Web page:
Thursday, May 9th, 2013
Certain specialties, while critical, are fragile because they have so many naysayers. Psychology is one of them. I believe in its effectiveness so much I wish I’d studied to be a psychologist.
When a once respected PhD like Diederik Stapel, a social psychologist, fakes tests to gain fame it’s as bad for the field as the damage charlatans do for currently incurable diseases. Because naysayers think psychology [and its offshoots] is so much bunk, when a star is caught red-handed can’t you just hear the “I told you so!”
I read about Stapel in Yudhijit Bhattacharjee’s “The Mind of a Con Man,” in The New York Times Sunday Magazine. The reporter notes that such fraud is nothing new in science which I know firsthand. As a newbie PR person in a then unfamiliar field I uncovered a clinician who had invented test results that a pharmaceutical client was about to tout. I always thought that this was the exception and was disheartened to read in the Times article, “But the scientific misconduct that has come to light in recent years suggests at the very least that the number of bad actors in science isn’t as insignificant as many would like to believe.”
Stapel, a Dutchman, blamed the media, in part, for the path he chose. Bhattacharjee wrote: “In his early years of research — when he supposedly collected real experimental data — Stapel wrote papers laying out complicated and messy relationships between multiple variables. He soon realized that journal editors preferred simplicity. ‘They are actually telling you: ‘Leave out this stuff. Make it simpler,’ Stapel told me. Before long, he was striving to write elegant articles.”
This I don’t buy. Much of my business involves simplifying my clients’ sometimes complicated or technical information for industry trade and consumer audiences which, like me, thousands do daily without fakery. That’s what links, footnotes and charts are for.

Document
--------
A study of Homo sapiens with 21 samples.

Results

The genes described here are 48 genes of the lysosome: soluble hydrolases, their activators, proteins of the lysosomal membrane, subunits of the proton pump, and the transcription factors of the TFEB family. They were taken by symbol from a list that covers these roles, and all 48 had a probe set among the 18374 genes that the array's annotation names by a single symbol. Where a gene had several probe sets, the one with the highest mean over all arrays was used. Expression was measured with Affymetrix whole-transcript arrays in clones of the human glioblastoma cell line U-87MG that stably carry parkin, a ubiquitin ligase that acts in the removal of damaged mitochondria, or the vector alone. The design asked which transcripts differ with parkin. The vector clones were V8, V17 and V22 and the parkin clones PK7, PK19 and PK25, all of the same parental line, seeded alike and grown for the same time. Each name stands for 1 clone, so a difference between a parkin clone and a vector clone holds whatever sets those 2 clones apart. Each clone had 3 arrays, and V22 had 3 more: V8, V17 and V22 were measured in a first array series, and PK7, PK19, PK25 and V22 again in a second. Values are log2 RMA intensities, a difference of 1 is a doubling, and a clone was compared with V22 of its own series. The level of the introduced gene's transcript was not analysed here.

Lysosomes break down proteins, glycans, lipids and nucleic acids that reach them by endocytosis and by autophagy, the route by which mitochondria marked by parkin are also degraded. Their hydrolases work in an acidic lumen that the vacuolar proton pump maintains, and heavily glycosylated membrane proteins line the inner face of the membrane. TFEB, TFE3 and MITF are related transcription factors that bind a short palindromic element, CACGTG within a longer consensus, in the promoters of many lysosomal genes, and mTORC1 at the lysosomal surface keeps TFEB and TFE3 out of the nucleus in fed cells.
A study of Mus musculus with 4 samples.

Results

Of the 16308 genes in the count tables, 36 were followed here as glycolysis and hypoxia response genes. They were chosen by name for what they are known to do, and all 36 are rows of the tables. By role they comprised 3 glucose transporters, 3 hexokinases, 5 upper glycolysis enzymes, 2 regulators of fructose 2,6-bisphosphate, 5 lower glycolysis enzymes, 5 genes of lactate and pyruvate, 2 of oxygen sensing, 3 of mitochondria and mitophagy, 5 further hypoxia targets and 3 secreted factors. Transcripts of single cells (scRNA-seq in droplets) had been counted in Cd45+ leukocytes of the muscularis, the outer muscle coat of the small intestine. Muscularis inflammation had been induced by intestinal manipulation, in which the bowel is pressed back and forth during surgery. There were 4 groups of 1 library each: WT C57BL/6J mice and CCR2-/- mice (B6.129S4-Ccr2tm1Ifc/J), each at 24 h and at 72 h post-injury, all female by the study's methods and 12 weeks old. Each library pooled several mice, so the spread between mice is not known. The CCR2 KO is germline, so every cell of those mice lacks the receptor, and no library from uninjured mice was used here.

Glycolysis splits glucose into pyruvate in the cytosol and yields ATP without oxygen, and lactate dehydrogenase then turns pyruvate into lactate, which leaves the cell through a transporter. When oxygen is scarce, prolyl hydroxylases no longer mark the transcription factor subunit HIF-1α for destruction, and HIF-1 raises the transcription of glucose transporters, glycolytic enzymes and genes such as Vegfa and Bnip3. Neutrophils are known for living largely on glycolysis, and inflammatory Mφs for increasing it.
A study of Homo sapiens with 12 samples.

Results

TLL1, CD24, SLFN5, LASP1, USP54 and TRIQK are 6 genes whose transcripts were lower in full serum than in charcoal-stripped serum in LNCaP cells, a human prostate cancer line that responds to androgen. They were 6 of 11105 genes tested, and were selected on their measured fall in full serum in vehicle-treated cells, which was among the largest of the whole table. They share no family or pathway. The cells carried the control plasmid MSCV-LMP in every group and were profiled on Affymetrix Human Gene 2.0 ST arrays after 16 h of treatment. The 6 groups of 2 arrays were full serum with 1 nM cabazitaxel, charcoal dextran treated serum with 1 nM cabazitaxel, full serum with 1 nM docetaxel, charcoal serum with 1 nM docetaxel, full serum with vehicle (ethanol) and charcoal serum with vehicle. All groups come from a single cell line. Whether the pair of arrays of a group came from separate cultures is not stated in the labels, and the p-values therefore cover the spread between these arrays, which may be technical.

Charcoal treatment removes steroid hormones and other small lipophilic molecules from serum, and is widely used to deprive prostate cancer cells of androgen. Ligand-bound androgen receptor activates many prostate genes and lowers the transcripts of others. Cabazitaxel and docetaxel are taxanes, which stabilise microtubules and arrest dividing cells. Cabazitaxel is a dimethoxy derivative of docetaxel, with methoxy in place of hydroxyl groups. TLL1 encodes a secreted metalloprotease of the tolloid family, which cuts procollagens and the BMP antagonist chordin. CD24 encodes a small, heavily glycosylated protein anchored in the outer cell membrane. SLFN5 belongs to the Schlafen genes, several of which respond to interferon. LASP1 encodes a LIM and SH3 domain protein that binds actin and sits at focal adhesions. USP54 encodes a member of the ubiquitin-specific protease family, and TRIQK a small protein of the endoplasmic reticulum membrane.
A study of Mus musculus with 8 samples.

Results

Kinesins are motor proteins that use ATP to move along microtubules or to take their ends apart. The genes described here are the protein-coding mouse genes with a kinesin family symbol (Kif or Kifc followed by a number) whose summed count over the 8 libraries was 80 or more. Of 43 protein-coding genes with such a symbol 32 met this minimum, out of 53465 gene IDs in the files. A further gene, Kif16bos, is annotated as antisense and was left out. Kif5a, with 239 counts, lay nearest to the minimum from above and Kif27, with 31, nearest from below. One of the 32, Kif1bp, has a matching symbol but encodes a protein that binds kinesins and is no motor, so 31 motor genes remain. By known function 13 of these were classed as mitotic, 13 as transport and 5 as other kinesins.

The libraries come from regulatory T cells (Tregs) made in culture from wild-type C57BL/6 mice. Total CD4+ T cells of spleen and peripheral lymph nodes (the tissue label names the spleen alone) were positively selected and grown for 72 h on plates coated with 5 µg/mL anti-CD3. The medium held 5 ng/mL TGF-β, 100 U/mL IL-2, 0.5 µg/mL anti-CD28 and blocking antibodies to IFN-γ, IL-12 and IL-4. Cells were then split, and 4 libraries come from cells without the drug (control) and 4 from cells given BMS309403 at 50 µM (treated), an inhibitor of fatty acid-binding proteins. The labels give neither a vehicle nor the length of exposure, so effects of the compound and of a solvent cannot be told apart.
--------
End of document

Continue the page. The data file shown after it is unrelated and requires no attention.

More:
Bhattacharjee continued, “What the public didn’t realize, he said, was that academic science, too, was becoming a business. ‘There are scarce resources, you need grants, you need money, there is competition,’ he said.’Normal people go to the edge to get that money. Science is of course about discovery, about digging to discover the truth. But it is also communication, persuasion, marketing. I am a salesman.”
Does every salesman lie? In addition, Stapel doesn’t think much of the public’s brains if he believes we know nothing about scarce resources, competition and budgets/funds for projects in his or any business.
The fake studies also marred the work of countless doctoral students for whom Stapel conducted studies though the universities where they and Staple were involved didn’t find the students guilty. Yet earlier in the article Bhattacharjee commented about the students, “They don’t appear to have questioned why their supervisor was running many of the experiments for them. Nor did his colleagues inquire about this unusual practice.”
Toward the end of the article Bhattacharjee wrote: “The field of psychology was indicted, too, with a finding that Stapel’s fraud went undetected for so long because of ‘a general culture of careless, selective and uncritical handling of research and data.’”
Are you especially dismayed when people in a field that’s supposed to help others do more to help themselves thereby leaving subjects at risk, giving ammunition to the “I told you so” crowd? Is the media to blame for scientists who cheat because editors look to cover simple subjects and conclusions? It’s hard to get grants and financial support for scientific research: a viable excuse for faking a study, yes or no?